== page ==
The Trump administration approved an oil leasing program for the Arctic National Wildlife Refuge Monday, opening up the pristine 19-million-acre wilderness to drilling for the first time and making it difficult to unwind the decision should Democrats recapture the White House in November.
Approving the program clears the way to auction oil leases “right around the end of the year,” Interior Secretary David Bernhardt said in an interview. The decision caps more than 30 years of efforts by oil companies and Alaskan leaders to drill in the refuge.
Environmentalists have raised concerns about the impact drilling could have on the polar bears and caribou herds that live in the remote refuge in northeast Alaska. Congress passed a mandate to lease oil from part of the refuge in its tax overhaul in 2017, when both the House and Senate were in Republican control. Mr. Bernhardt said the drilling can be conducted in an environmentally sound manner and that Congress has set details into law that will help the plan withstand challenges from environmentalists.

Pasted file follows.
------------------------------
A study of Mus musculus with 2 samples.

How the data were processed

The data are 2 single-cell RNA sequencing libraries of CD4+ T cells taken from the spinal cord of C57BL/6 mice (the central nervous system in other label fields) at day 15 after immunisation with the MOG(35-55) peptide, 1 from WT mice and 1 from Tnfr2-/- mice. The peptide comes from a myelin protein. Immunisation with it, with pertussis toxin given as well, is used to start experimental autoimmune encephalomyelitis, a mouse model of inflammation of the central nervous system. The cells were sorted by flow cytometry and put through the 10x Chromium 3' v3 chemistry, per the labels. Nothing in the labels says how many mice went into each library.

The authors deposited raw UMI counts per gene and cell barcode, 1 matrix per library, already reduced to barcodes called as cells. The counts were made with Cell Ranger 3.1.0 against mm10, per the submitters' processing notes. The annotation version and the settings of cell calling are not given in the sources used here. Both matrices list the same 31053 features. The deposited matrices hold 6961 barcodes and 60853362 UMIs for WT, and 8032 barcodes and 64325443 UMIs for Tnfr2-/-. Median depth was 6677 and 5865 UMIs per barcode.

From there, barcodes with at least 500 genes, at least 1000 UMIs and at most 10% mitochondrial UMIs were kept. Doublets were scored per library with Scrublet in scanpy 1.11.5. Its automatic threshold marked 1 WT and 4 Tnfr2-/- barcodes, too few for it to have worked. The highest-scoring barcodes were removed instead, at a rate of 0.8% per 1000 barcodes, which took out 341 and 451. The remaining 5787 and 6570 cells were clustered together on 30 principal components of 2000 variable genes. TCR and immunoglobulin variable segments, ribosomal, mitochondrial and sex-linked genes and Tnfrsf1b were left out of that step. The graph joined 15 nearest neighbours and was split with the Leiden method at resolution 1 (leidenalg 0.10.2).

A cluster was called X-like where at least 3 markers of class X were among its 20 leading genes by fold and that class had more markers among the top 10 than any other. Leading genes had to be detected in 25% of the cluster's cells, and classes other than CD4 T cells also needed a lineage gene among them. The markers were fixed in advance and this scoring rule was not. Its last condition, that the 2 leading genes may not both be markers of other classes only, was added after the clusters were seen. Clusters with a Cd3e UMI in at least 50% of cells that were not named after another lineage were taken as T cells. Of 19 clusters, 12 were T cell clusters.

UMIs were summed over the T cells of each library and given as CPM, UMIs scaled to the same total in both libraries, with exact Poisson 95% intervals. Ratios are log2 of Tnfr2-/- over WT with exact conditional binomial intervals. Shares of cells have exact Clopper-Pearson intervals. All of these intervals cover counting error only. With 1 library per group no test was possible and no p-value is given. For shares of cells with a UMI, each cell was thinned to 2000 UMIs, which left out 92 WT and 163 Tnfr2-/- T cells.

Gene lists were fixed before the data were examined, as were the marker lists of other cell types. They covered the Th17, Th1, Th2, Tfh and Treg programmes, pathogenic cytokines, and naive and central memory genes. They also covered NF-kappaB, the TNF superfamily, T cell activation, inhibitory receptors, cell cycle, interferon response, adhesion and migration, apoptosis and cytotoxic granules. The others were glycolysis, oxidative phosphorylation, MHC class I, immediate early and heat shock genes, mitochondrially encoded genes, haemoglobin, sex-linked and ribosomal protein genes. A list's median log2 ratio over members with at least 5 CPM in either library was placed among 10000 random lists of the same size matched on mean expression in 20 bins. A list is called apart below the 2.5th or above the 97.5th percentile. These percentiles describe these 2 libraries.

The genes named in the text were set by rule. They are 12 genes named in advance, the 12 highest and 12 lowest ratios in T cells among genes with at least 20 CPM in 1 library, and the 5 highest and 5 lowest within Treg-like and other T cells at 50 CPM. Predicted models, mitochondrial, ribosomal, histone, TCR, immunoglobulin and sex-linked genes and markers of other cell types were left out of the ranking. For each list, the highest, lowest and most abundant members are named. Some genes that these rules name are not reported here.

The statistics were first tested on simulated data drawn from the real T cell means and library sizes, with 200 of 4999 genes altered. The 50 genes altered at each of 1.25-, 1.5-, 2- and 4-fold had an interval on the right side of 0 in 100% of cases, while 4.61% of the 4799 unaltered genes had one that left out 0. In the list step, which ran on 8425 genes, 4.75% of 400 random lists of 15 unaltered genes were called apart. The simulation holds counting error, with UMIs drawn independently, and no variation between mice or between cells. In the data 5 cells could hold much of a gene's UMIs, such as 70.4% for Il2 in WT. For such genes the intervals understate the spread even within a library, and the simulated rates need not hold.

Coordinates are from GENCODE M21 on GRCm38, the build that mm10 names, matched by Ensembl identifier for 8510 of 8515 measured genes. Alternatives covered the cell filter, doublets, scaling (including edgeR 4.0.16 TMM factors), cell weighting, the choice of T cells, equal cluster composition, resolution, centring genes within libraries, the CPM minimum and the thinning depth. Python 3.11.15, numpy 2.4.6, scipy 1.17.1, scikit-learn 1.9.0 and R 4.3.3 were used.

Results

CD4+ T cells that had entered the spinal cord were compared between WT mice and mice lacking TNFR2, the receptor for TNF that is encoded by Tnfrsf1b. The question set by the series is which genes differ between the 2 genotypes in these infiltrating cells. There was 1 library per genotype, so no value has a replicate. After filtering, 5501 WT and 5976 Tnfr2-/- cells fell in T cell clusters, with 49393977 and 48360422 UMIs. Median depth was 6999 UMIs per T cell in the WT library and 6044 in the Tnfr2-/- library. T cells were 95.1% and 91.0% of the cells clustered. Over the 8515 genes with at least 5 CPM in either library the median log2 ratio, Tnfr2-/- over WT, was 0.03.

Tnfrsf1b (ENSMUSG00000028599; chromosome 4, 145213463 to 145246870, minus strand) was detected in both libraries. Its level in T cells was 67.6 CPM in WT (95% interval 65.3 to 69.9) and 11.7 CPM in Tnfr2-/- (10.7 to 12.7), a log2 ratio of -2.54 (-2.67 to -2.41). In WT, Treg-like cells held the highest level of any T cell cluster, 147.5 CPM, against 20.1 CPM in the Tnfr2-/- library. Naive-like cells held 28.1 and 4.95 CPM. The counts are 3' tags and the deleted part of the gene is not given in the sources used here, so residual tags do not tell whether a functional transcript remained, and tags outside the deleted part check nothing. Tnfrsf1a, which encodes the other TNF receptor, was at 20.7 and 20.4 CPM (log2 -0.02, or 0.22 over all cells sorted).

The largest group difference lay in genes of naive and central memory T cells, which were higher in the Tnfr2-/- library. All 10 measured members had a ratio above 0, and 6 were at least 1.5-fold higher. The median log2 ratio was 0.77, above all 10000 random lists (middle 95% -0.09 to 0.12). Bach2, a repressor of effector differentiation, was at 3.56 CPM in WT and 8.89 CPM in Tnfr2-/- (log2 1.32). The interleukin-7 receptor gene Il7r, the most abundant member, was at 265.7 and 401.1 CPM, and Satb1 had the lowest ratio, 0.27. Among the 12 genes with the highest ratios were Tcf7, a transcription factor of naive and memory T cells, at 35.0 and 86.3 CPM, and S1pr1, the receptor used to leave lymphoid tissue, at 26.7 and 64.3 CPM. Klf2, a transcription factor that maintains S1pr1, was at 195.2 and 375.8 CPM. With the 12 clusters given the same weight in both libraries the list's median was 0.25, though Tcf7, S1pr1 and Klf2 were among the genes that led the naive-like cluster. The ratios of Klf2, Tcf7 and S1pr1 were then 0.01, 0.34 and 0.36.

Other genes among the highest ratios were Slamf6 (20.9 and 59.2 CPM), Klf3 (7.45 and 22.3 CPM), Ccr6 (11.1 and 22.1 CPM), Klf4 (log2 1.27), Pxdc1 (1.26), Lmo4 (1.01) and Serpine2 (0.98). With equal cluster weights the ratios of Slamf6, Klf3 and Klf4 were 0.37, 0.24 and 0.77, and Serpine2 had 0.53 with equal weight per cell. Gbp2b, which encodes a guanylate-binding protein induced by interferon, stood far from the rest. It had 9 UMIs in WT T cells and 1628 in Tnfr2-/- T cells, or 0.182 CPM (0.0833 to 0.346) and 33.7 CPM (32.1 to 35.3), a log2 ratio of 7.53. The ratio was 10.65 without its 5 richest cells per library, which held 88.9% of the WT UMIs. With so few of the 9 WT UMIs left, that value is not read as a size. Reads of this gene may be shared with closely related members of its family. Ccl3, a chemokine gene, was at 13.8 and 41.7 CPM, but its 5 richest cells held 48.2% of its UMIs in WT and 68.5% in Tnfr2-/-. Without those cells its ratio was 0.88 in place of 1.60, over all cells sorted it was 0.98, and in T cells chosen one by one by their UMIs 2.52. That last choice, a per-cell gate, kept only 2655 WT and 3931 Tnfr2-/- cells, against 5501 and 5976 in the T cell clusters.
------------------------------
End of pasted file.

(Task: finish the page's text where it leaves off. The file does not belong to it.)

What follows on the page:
“Congress gave us a very clear directive here, and we have to carry out that directive consistent with the directive that they gave, and consistent with the procedural statutes,” Mr. Bernhardt said. “I have a remarkable degree of confidence that this can be done in a way that is responsible, sustainable and environmentally benign.”
The refuge, often known by its acronym ANWR, is nearly the size of South Carolina, nestled between the Arctic Ocean to the north and Canada’s Yukon to the east. Congress approved protections for it in 1980, and its expansive tundra, mountains and coastal plain are still nearly void of people and roads.